One of his disciples, Andrew, Simon Peter’s brother, said to him, ‘There is a boy here who has five barley loaves and two fish. But what are they among so many people?’ (John 6:8-9)
When the boy saw thousands of people around the shore, he must have wondered what was going on. A man he had never seen before asked if he could have his lunch to feed the great multitude. The boy must have thought the man was joking—the food he had was only enough for him.
The disciples tried to persuade Jesus to send the people away because they didn’t believe they could find enough food for 5,000 people. But Jesus refused and told them they needed to feed the folks.
The boy thought his lunch wasn’t enough. The disciples thought the same. But it was. The offering itself may not have been enough, but Jesus multiplied the offering and all were fed.
There are times in our lives when we can feel like that boy and those disciples. Our gifts, energy, smarts, and abilities aren’t enough to get the job done. If we withhold our gift because we’re overwhelmed, nothing happens. But when we make our offering to Jesus, no matter how small, He can make it enough. The Lord desires our gift, for He wants us to have “skin in the game,” and because He wants us to trust in His power to provide.
May I encourage us to be like that boy. He gave his lunch and 5,000 people were fed. Jesus wants us to offer whatever we have; trusting He can multiply our gifts so that the need can be fulfilled and the mission can be accomplished.
If the boy’s parents had asked him if he had had a good day fishing, I wonder if he had told them that although he didn’t catch many fish, he did help to feed 5,000 people. If he did, his parents must have laughed at what they assumed was just one of their son’s outrageous “fish-stories.” But unlike the other stories their son may have told, this one was real. Their son wasn’t exaggerating.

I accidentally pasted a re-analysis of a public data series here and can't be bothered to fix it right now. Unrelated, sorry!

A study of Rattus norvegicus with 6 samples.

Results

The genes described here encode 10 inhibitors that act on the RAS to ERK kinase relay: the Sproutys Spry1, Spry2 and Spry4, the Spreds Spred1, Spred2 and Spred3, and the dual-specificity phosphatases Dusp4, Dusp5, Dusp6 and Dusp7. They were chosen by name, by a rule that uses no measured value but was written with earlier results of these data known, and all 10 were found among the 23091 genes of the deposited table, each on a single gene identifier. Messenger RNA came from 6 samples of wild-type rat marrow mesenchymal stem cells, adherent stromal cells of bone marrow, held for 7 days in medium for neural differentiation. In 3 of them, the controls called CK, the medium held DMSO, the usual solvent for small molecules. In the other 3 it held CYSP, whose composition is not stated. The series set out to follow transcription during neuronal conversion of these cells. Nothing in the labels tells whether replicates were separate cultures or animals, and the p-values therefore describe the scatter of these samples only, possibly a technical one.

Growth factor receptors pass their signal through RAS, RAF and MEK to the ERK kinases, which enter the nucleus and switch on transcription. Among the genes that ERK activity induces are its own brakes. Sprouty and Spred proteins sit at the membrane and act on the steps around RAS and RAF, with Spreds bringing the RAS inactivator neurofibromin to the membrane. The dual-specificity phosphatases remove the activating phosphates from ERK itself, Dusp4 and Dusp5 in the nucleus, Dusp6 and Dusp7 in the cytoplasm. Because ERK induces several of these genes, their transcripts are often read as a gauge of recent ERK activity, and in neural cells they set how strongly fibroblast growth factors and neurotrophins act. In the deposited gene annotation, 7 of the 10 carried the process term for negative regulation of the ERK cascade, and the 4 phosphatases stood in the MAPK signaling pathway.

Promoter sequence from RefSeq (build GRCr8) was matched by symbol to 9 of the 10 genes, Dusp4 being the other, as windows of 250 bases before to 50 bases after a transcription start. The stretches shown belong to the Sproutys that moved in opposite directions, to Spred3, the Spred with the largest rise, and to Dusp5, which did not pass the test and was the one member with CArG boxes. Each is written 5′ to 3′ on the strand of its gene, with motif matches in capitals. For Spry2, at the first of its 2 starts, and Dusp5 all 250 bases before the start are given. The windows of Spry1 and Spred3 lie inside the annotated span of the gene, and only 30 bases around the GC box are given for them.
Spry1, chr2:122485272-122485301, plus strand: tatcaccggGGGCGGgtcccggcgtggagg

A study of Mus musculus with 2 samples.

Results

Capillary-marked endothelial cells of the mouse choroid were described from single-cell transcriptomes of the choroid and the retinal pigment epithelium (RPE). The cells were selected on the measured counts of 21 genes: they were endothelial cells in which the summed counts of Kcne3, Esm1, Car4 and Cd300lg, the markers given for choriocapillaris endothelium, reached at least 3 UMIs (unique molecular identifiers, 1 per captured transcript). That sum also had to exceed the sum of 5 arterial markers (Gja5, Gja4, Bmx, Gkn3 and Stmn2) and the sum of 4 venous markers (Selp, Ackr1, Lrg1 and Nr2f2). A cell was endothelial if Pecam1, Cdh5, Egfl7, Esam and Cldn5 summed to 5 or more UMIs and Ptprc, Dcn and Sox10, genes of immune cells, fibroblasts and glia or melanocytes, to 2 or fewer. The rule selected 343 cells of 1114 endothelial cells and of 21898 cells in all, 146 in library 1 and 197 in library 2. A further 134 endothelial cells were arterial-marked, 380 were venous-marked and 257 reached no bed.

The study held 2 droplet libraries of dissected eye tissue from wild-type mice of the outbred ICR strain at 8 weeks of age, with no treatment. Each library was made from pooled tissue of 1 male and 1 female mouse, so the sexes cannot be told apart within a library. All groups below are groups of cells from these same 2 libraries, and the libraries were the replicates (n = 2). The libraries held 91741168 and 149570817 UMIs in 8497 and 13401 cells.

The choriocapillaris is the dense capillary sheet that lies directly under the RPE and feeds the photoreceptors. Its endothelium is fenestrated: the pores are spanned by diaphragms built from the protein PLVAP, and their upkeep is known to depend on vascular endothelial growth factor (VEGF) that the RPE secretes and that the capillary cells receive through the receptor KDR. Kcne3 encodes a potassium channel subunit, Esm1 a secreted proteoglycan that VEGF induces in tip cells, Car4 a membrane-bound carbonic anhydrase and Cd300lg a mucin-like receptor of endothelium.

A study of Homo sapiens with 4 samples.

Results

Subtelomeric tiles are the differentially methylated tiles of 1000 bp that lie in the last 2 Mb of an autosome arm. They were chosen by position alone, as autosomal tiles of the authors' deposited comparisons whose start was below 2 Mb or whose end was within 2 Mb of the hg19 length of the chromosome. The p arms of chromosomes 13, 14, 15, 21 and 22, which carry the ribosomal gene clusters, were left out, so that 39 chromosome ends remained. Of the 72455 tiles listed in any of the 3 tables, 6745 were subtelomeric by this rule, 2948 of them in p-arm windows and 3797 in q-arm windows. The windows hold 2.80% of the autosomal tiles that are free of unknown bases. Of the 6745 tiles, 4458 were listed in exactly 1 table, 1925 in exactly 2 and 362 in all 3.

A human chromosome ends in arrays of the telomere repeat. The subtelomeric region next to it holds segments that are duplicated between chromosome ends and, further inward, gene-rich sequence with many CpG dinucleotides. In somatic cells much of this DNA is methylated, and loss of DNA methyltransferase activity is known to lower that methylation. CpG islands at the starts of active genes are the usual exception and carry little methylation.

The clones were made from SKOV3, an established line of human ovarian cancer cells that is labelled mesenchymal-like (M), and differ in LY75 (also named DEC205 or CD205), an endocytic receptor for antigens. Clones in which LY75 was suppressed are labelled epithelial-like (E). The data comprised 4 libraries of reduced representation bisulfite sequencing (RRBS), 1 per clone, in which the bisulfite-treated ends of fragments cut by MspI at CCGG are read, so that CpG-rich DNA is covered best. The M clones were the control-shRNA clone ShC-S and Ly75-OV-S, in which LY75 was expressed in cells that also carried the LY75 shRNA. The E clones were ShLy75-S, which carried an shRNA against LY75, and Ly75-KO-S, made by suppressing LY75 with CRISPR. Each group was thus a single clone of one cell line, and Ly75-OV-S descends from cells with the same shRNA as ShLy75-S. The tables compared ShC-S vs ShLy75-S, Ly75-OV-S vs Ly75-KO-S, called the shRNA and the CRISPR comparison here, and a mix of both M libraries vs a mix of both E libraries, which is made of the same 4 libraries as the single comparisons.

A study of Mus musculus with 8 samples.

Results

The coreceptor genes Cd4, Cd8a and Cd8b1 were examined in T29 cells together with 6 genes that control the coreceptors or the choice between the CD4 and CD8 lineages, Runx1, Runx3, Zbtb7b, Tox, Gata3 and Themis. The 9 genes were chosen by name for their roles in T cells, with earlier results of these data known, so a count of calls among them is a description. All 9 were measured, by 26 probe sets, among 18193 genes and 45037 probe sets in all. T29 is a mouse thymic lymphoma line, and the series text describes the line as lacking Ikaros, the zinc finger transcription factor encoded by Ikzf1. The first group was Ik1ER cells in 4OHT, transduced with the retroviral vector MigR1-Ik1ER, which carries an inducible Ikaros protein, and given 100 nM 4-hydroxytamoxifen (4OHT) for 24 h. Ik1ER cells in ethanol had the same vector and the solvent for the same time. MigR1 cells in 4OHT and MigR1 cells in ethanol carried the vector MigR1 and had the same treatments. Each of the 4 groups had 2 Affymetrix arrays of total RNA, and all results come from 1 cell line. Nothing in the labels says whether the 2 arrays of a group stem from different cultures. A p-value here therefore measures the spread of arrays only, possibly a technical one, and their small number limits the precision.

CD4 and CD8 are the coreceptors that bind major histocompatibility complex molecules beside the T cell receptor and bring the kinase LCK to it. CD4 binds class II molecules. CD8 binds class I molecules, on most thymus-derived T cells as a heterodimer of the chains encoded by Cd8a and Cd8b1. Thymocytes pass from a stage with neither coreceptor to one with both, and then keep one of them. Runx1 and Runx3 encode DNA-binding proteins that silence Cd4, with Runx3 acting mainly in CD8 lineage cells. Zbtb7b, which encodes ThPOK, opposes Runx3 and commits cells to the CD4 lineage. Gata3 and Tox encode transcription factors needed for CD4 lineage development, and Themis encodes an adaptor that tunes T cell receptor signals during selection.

Just imagine what great things Jesus can do when we offer what we have. Although we can all exaggerate some of our own stories, there’s no exaggerating the power of Jesus to make the small great, the paltry plentiful, the snack a feast.
- If the boy had withheld the gift of his lunch, the crowds could have gone home hungry. What happens when you withhold your own gifts? Who goes home, goes away, hungry?
- Do you focus more upon your inadequacies, or upon Jesus’ ability to provide? What would it take to move your focus from you not having enough to Jesus having more than enough?
- The boy, the disciples, and the crowd witnessed a miracle on that day when 5,000 got fed. How did they respond to the miracle? More importantly, how do you respond to the miracles in your own life?